SEA Games 2015: Thais not afraid to test new waters

The Thai quartet, competing in the team free routine, came in last but the members said they gained a lot from the experience.

Few athletes would be confident enough to compete at the SEA Games after only three months of proper preparation but Thailand's plucky synchronised swimming team are undaunted.

On top of their inexperience, the four-person team suffered two-point penalties for both team events - half a point for each swimmer absent as competition rules stipulate that the events require eight swimmers.

Although the Thai side came in last among the four nations competing in the team free routine finals on June 3, the girls still put on their best smiles, spun and splashed their way to Norwegian composer Edvard Grieg's In The Hall Of The Mountain King.

"They were training on their own eight months ago," said team manager Teerakathiti Pannipa.

"Then, they trained professionally under a coach for only three months before the SEA Games."

Their coach is 25-year-old Wei Zhong, an accomplished synchronised swimmer from China with Chinese national titles and silvers in the 2014 German and France Opens. He trains them with the help of a translator.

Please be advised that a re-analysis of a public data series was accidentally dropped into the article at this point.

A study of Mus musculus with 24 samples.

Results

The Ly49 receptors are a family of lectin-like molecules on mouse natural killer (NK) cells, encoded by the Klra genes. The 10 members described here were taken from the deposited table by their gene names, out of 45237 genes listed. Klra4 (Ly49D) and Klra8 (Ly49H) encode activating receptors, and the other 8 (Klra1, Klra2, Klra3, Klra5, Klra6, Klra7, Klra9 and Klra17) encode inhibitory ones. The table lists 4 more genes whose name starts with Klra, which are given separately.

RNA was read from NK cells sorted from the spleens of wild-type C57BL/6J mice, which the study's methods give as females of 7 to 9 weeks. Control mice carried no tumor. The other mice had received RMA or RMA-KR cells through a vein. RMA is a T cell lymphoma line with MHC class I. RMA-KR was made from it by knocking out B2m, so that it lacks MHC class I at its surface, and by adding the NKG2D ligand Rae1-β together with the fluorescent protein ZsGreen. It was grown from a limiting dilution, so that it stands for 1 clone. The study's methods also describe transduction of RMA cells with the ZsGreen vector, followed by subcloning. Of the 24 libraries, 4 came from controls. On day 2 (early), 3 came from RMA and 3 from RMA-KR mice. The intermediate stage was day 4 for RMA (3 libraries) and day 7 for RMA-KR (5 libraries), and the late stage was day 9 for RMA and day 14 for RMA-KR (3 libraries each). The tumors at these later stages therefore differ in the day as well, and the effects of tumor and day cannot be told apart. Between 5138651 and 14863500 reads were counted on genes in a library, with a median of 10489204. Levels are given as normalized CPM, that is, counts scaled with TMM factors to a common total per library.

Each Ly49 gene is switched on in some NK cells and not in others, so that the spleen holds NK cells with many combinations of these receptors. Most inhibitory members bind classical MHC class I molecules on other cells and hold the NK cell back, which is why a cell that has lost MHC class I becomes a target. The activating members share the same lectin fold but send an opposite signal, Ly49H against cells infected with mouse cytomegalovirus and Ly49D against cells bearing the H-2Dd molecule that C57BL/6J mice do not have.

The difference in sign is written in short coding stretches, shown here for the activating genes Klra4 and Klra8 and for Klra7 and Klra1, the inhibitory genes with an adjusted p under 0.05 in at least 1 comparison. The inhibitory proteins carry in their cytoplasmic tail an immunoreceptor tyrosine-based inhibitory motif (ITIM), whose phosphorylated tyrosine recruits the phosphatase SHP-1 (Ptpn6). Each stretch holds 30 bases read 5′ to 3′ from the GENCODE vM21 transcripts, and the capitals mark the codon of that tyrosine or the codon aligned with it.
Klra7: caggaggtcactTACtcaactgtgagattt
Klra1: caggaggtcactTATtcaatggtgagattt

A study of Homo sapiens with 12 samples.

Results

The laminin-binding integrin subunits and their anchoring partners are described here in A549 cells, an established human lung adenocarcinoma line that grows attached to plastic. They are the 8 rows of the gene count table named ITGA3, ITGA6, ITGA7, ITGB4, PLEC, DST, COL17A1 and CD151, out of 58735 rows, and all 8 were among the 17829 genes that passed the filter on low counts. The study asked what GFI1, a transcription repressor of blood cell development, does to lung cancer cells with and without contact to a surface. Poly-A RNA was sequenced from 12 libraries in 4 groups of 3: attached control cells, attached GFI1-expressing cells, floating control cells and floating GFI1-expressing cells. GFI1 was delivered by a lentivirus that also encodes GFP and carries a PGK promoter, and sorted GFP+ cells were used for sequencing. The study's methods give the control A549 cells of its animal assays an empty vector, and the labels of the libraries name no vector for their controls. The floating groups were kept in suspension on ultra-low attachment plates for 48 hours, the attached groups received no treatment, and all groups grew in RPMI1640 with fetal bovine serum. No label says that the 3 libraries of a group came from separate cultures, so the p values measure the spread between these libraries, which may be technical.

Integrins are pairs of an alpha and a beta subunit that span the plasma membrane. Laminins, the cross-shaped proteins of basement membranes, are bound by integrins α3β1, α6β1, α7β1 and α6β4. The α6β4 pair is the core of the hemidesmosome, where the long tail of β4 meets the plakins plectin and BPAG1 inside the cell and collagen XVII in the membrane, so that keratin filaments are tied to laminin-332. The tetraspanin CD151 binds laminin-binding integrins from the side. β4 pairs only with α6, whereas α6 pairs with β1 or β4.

He said: "When I started coaching them, they had almost no background in synchronised swimming other than the basics.

"I had to be very strict and harsh with them and I think they must have suffered a lot."

Yet, the girls still found joy despite the tough grind.

"I am really happy to be here," said Kalika Poonprasat.

Her 17-year-old twin Karima added: "It is a new experience and we learnt a great variety of things while we were here."

Along with team members Phlisorn Panramon, 14, and 13-year-old Jaroenmaksuwan Lapus, the Thai team have an average age of just 15.3 years. Of the quartet, only Kalika has prior competition experience, having participated in this year's Japan Open.

The Thai team have two senior swimmers, Polsen Nantaya, 26, and Puttisiriroj Thanyaluck, 28, but they competed only in the duet events.

"The difference in their (Polsen and Puttisiriroj) abilities would be too obvious," noted Wei.

"They had about seven years of training compared to the other girls in the team."

Now that the competition is over for the team, Wei has plans to work his Thai swimmers hard to make a splash in future competitions.

He said: "I will be training with them for three more years. They have already made a very big improvement this time round, and I am sure they will improve a lot more.

"When they get back after the SEA Games, they must keep the mentality to improve all the way."

As the disciplined girls looked at their coach who could barely speak a word of Thai, Wei addressed them in Mandarin: "That hunger must be there."

This article was first published on June 12, 2015.
Get a copy of The Straits Times or go to for more stories.